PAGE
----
ISM insight: Life as an ISM student

The ISM Student Blog provides insight into life at ISM. Bloggers are current students and recent alumni who are excited about sharing their diverse learning experiences in ISM’s programs. Explore this blog to learn more about life at ISM, and how the program benefits students in the long run. You may also want to follow ISM on Facebook or join the conversation on Twitter.

It’s hard to believe that almost an entire year at ISM has come to an end! All my courses in Paris are over, and soon my ISM classmates and I will be embarking on two weeks of classes in New York City. This year has been such an incredible experience, and I am sure New York will be as well. But now, with classes ending soon, it’s time to think about my thesis. As IMBA students, we get another year to find a topic, research for it, write our thesis and present a draft to ISM. And then (probably) multiple revisions from there. It can feel like an intimidating process for many students; it certainly does for me!

Summer is now in its last few weeks, and I’m reflecting on my accomplishments thus far. I recently attended three face-to-face courses this past July at St. John’s University in New York City. I was very surprised at the level of expertise each professor had in their field, and the intensity of the content they each delivered. 

As a doctoral student, you are required to write two additional research papers outside of your traditional course assignments. The first paper, referred to as Case Analysis I, is assigned approximately one month before you begin the program; you have exactly three months to complete it. The second paper, referred to as Case Analysis II, is sent when you have completed approximately 75% of your course studies and also has a three-month deadline. Totaling 1.5 credits each, the first assignment is staged to serve as a baseline from which to measure your research and academic writing growth during the program.

When pursuing a doctorate degree, no matter your circumstance, you will inevitably receive the question, “How do you do it?” Admittedly, the schedule and deadlines are daunting but with a plan, a support system, and a desire to remain part of this elite and impressive group of students and alumni, it can be done.

During spring this year, I attended the face-to-face Disruptive Innovation course in Paris. Regarding the buzzword of "disruptive innovation," I was very excited about the benefits the course could offer for my daily work experience. And the three days of the course turned out to be very stimulating for me! I appreciated the diversity of the course participants in Paris. So much diversity allows for plenty of interesting discussions during the workshops, lunchtime, or at dinner. Perhaps disruptive ideas can even flourish along the way.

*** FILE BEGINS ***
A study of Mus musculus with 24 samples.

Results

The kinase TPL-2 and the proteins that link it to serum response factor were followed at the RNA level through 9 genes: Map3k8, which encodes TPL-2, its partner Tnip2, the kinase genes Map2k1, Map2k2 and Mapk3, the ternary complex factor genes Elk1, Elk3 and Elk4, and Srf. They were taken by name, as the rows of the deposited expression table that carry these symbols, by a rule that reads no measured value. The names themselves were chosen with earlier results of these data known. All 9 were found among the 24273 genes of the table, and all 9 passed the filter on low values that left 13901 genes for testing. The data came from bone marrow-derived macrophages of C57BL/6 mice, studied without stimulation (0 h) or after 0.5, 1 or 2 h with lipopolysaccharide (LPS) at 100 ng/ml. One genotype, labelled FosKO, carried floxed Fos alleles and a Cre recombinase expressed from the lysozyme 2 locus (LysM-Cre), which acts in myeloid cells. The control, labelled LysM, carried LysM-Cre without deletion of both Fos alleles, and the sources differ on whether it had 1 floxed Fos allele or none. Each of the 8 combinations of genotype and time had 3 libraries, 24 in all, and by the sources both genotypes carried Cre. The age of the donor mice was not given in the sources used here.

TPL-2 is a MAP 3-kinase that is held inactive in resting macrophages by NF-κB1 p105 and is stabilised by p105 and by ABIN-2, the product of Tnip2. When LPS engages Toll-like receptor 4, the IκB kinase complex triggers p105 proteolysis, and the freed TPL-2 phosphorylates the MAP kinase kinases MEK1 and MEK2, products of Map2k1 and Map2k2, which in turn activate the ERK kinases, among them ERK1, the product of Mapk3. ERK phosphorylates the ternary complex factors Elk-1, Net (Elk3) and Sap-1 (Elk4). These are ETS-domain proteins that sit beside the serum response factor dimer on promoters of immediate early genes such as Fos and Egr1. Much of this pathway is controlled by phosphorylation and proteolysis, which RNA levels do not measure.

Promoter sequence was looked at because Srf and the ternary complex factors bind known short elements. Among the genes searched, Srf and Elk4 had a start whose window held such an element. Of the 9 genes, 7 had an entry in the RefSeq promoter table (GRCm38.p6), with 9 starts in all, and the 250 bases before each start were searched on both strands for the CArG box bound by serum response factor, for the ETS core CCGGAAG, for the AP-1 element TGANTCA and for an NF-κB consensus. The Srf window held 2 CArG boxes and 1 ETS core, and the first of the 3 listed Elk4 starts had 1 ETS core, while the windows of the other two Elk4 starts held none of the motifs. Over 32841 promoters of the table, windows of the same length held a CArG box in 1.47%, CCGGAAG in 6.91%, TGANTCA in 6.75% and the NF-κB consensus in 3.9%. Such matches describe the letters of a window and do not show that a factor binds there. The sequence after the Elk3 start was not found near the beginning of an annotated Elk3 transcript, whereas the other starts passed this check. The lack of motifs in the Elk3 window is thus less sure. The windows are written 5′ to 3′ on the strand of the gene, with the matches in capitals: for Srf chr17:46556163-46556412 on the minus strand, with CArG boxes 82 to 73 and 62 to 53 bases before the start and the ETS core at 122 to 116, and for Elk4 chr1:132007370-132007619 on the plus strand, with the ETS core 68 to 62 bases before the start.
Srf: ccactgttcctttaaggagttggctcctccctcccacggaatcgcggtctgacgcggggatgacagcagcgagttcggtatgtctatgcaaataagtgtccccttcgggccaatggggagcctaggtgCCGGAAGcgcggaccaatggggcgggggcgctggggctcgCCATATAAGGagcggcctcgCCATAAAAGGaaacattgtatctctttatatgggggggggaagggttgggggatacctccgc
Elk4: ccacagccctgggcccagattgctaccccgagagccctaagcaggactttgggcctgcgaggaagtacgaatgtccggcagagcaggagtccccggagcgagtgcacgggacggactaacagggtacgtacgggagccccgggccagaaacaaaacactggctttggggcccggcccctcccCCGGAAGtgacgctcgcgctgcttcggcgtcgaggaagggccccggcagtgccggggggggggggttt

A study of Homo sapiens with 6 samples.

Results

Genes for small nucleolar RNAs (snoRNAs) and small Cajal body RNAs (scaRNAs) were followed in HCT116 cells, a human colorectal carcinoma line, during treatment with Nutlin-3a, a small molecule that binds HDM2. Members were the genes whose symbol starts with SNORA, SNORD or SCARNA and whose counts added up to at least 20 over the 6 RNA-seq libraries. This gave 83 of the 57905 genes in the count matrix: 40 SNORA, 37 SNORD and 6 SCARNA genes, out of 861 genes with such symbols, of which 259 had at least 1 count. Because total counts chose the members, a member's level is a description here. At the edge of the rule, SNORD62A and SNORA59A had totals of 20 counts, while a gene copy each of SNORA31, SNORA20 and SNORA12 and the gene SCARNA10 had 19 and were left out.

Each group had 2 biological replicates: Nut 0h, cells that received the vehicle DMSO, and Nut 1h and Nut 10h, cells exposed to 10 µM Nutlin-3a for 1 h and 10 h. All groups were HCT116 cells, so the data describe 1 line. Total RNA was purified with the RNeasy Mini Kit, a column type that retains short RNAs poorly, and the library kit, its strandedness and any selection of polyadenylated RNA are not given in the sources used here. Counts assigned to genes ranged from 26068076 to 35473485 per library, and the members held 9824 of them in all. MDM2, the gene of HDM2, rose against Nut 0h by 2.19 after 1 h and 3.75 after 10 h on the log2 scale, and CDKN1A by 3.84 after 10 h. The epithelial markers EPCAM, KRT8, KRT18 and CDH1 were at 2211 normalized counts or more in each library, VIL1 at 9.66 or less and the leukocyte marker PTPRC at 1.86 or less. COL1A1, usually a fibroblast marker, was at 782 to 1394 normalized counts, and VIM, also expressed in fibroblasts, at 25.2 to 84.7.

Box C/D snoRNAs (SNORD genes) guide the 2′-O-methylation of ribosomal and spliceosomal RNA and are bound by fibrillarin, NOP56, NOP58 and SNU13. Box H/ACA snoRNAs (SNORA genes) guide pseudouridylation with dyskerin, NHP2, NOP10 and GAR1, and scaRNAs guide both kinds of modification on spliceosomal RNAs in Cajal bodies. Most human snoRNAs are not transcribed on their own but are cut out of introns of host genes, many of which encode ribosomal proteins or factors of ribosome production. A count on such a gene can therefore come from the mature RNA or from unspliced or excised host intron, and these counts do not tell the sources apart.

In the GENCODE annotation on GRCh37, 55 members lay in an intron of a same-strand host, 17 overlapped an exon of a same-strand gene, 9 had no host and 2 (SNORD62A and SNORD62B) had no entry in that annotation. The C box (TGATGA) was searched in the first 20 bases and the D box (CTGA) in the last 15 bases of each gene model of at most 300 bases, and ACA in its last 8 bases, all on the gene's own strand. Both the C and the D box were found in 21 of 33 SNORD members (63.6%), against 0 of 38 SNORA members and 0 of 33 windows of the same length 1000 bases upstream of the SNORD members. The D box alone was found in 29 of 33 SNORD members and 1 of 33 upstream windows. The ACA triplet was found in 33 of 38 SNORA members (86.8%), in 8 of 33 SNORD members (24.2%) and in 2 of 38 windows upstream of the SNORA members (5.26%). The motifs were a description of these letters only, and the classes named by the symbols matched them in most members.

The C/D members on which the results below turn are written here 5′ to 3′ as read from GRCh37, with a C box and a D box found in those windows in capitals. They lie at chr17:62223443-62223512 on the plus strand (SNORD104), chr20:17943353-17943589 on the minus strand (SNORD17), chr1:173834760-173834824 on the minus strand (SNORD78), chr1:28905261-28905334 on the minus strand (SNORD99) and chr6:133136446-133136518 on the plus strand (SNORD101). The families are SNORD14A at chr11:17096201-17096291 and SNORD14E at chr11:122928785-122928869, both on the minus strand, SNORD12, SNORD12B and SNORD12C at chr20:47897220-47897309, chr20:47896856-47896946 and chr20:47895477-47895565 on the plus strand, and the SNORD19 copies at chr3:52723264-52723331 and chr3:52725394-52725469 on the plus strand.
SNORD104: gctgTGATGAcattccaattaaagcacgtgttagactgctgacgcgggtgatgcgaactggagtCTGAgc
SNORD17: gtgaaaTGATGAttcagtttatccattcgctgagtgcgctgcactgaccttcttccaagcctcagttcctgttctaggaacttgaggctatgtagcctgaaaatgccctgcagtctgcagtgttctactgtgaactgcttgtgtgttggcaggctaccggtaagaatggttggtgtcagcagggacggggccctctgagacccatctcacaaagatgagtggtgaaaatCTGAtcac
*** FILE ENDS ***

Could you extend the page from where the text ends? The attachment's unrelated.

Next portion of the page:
The life of a PhD student is indeed a journey that molds one’s character through perseverance, time management, restraint, and patience. It is now summer in New York, which means it is time to begin my scheduled courses at St. John’s University. This will be my very first set of face-to-face classes, and I’m quite excited to meet and learn from my fellow classmates and professors.

It is hard to believe that my time at ISM is coming to an end! I feel grateful that I still have a few classes left and some time remaining in Paris before I head back to New York. Two recent classes I had at ISM which stood out to me were “Digital Marketing” with Professor Desmond Cooney and “Technology Trends in Business” with Professor Elias Hadzilias. I was very much looking forward to both classes and they did not disappoint! Part of the reason why I enjoyed the classes was because both professors were particularly engaging and used video clips and websites to bring alive the topics being discussed. The other reason I enjoyed the class is because technology is becoming vital in the world of business, and I know little about it!

At the beginning of October 2017, I attended my third in-person course in Paris. My specialization in my program is entrepreneurship and innovation. But during that course, the focus is the future of work, which includes pivotal changes in the near future for organizations. As a mechanical engineer, I was very interested in how the profession and work environment will change for mechanical engineers in the future. The findings during the course and the final assignment were enlightening for me and changed my mindset about how I would be interacting with the upcoming megatrends in an organization. In this blog post, I will discuss my findings during the course, how mechanical engineering is changing, and what challenges will be involved.

In The Future of Work, I gained insight into the upcoming megatrends. I now understand how rapidly expanding access to information and ideas will disrupt traditional product development processes and product lifecycle management in the mechanical engineering field.

It has now been three months since I started the PhD program at ISM. So far, I've completed the initial requirement of the program: Case Analysis I worth 1.5 credits. Working on this paper helped me to comprehend the rigor of the research component of the program.

I think one of the most unique aspects of ISM is the flexibility of the programs, particularly for their fully employed students. I run a full-time real estate business in the United States, and, despite this, I am able to finish my coursework.